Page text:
Just four little rules?

Image by ElisaRiva from Pixabay

We have an ambivalent relationship to rules.

On the one hand, think of how a typical toddler reacts to the word, “No.” We never quite outgrow that negative reaction to having someone else limit our freedom.

On the other hand, toddlers need rules to feel secure. Rules let them know where the limits are, the difference between bad and good, the actions for which they will be punished or praised.

As adults, we may not appreciate being bossed around. Yet we’ll pay good money to have a self-help guru tell us what to do. A book or seminar that gives us the three or four steps to achieving some goal may give us the concrete direction we crave. Just tell me what I need to do, and I’ll do it.

Well… at least until I get tired of it.

As we’ve seen in previous posts, in the early days of the church, a council had to be convened in Jerusalem to deal with an important question: should Gentile converts to Christianity be required to submit to the Jewish rite of circumcision? They were, after all, professing belief in and allegiance to a Jewish Messiah. Shouldn’t they therefore take on the mark that had distinguished membership in God’s people for centuries?

Paul’s answer was adamant: absolutely not, for to make one’s status before God dependent on any kind of religious rite would contradict a gospel of grace. Peter, having waffled on the subject in Antioch, had also come back to the centrality of grace, a truth which he had only temporarily forgotten. He thus pleaded with the council: God’s gracious intentions for the Gentiles are clear. Don’t get in the way. Don’t put the burden of circumcision on them.

And James, presiding over the council meeting, agreed. The enfolding of the Gentiles into God’s people, in fact, was to be understood as the fulfillment of ancient prophecy. But he hadn’t yet answered the question: Circumcision or no? Will anything be required of these new Gentile converts?

James’ answer was yes:

Therefore I have reached the decision that we should not trouble those Gentiles who are turning to God, but we should write to them to abstain only from things polluted by idols and from fornication and from whatever has been strangled and from blood.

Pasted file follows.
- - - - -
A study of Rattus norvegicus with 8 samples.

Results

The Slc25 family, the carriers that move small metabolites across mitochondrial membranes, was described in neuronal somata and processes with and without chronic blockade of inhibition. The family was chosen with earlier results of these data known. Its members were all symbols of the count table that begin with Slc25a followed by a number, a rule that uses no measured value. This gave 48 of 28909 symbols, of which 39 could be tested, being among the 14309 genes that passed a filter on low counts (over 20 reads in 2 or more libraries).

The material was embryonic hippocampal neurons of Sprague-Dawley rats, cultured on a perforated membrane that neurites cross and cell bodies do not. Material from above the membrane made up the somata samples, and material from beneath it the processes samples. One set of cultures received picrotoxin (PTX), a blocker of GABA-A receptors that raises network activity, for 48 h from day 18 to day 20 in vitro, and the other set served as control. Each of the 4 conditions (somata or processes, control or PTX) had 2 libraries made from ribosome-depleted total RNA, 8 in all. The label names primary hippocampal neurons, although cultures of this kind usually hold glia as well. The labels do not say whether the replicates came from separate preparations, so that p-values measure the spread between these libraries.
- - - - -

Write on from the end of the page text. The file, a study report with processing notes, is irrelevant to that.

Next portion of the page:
Acts 15:19-20, NRSV

This may seem like a rather odd list of requirements to a modern-day Gentile. Okay, I get the thing about fornication. Christians aren’t supposed to mess around, right? But what about the rest of this stuff? And why isn’t Paul turning purple with rage, listening to this? After all, he got mad at Peter for less…

This is not a political ploy on James’ part. He is not trying to throw the Pharisees a bone, as if to say, I’ll make you a deal. If you concede the circumcision issue, I’ll give you these four ritual requirements in return. That way lies a never-ending debate and the continued perception of the Gentile converts as second-class members of the community. Moreover, it’s clear that James is not in negotiating mode; he is making an authoritative pronouncement.

What, then? Scholars, of course, debate the meaning and significance of James’ words. But I would agree with those who argue that the essence of the four requirements boils down to this: You belong to this God now, the God of Abraham, Isaac, and Jacob, of Moses and David, of Jesus, in whom you have believed. So what is required of you? Only this: that you give up the things associated with your former ways of idol worship.

James, in other words, shifts the focus of the debate from what the Gentiles must be required to do to what they must be required not to do. Instead of telling them what Jewish rituals they must adopt, he tells them what pagan rituals they must abandon. They must make a clean break with their pagan past, a past marked by temple prostitution and ritual sacrifice to false gods.

In hindsight, the pronouncement seems downright prescient, for Paul will later find himself wrestling with just these issues as he attempts to disciple the fledgling church in the highly pagan city of Corinth.

James ends with this: “For in every city, for generations past, Moses has had those who proclaim him, for he has been read aloud every sabbath in the synagogues” (Acts 15:21). This cannot mean, “Do these four things because Moses says so” otherwise, why not insist upon circumcision? Rather, it sounds more like a word of encouragement to the Pharisees in the room: “Don’t worry. Just because we’re not insisting on circumcision doesn’t mean that we’re throwing the teaching of Moses out the window. Every one of those Gentile cities has a synagogue, and the teaching of Moses will continue to be proclaimed as it always has.”

James, therefore, is giving the Gentiles neither a carte blanche, nor The Four Rules for Being a Christian. Instead, he is calling them to turn away from their past life. In our time and place, we may find the rule to avoid eating meat from animals that have been strangled to death (as they sometimes were in pagan ceremonies) odd and irrelevant. But surely we can identify with the call to do what it takes, concretely, to live in newness.

There is no contradiction between that and a gospel of grace.

What concrete suggestions, then, might James have for us?